North Dakota town may lose judge’s position

BISMARCK – The death of a New Rockford state district judge may result in his job being moved elsewhere, despite pleas from local officials and a state lawmaker to keep the position where it is.

Southeast District Judge James Bekken, a longtime resident of New Rockford, died May 3 of lung disease. Bekken’s death has triggered a North Dakota Supreme Court review of whether the judgeship he held should be moved outside the 11-county district or to another community within it.

The district’s administrator, Rodney Olson, filed a request with the court Friday asking that the position be transferred to Carrington, a larger community about 20 miles south of New Rockford.

Carrington is closer to Jamestown, the district’s largest city, which would make travel more convenient for attorneys and judges in the area, Olson said in his filing.

The move would “add to the flexibility of judge use within the district,” Olson said.

North Dakota has 44 district judges, who are assigned among seven districts. The Southeast District has two judges each in Valley City and Jamestown and a single judge in Wahpeton, Ellendale and New Rockford.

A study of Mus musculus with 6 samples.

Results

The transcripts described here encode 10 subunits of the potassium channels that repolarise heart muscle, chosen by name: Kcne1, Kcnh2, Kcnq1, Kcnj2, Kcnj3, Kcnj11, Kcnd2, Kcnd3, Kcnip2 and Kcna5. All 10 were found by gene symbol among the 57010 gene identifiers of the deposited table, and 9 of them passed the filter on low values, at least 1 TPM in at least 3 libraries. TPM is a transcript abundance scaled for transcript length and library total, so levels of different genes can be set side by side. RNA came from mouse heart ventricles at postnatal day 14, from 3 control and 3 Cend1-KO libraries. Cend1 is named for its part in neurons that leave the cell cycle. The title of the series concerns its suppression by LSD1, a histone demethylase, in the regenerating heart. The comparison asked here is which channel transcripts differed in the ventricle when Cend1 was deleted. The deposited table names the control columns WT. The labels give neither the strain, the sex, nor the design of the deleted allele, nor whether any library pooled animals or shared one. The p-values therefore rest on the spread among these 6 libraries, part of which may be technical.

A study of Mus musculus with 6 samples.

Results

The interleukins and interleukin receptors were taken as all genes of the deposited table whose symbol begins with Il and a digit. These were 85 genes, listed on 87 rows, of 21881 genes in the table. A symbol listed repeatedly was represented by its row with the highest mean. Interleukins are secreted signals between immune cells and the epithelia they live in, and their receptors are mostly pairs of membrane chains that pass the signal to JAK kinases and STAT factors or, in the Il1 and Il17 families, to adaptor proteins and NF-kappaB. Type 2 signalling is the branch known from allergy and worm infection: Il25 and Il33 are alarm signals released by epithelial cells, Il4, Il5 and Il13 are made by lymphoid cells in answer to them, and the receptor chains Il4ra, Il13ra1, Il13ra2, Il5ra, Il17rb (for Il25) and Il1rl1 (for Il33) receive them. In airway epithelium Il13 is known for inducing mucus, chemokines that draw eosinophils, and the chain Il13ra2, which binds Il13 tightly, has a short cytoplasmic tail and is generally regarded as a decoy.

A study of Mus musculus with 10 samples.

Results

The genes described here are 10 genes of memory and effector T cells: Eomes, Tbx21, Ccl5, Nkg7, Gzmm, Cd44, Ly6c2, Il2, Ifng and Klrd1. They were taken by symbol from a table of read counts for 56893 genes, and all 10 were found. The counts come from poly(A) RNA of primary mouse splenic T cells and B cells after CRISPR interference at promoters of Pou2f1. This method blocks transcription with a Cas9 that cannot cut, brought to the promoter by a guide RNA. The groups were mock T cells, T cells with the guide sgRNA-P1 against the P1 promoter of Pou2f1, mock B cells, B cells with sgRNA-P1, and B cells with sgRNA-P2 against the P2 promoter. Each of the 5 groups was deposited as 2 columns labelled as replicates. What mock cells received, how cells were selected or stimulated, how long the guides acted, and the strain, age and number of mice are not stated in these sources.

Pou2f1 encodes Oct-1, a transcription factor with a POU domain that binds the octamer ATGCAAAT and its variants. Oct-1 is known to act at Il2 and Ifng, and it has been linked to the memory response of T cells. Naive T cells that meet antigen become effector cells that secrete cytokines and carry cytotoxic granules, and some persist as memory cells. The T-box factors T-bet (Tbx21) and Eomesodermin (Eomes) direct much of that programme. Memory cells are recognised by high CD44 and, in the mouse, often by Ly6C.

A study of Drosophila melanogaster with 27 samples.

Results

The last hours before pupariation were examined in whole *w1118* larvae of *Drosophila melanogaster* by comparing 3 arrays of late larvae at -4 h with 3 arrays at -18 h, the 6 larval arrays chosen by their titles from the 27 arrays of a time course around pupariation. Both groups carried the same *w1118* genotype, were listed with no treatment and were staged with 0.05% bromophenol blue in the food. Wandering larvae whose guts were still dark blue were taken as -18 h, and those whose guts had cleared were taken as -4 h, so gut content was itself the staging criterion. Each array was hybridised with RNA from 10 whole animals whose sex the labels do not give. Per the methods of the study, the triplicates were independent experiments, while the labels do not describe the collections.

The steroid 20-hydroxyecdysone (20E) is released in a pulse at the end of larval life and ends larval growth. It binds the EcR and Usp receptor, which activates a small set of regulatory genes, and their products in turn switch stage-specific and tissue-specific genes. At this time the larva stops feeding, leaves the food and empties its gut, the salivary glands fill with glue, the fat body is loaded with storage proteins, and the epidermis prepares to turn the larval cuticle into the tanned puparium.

The Supreme Court could move the New Rockford position to another district, but that possibility is considered remote. When the Legislature approved two new judgeships last year, one of the positions was put in Jamestown because the region was considered undermanned.

Sen. Joan Heckaman, D-New Rockford, and Eddy County State’s Attorney Travis Peterson have been among those asking the Supreme Court to keep the judgeship in place.

“This is important to a town the size of New Rockford,” Heckaman said in a letter to the court. “Every person accessing services in our community is important to keeping our town viable.”

Peterson said any decrease in travel time from moving the judgeship to Carrington would be “negligible.”

“Additionally, the Eddy County courthouse is already equipped, established and usable ... without the need for upfront expenditures or improvements,” Peterson said in a separate letter.

Carrington is the county seat of Foster County to the south. The Foster County Commission approved a resolution last month supporting the New Rockford judgeship, although it said the commissioners wouldn’t mind if it were moved

to Carrington.

“We didn’t want to see it leave the north part of the district,” said Dwayne Erickson, chairman of the Foster County Commission.

The commission is making space for a new judge by moving Foster County’s health agency into separate quarters downtown, Erickson said.

“I think it will probably occur,” he said of the transfer. “But anything can happen. Winds blow different ways.”

Gov. John Hoeven will appoint Bekken’s successor after the Supreme Court decides where the new judge will be headquartered. Ryan Bernstein, the governor’s staff attorney, said Hoeven believes the opening will attract good candidates, regardless of location.

District judgeship transfers are fairly rare. It last happened in December 2005, when the Supreme Court ordered a judgeship in Stanley, in northwestern North Dakota, moved to Minot when incumbent Robert Holte retired the following year.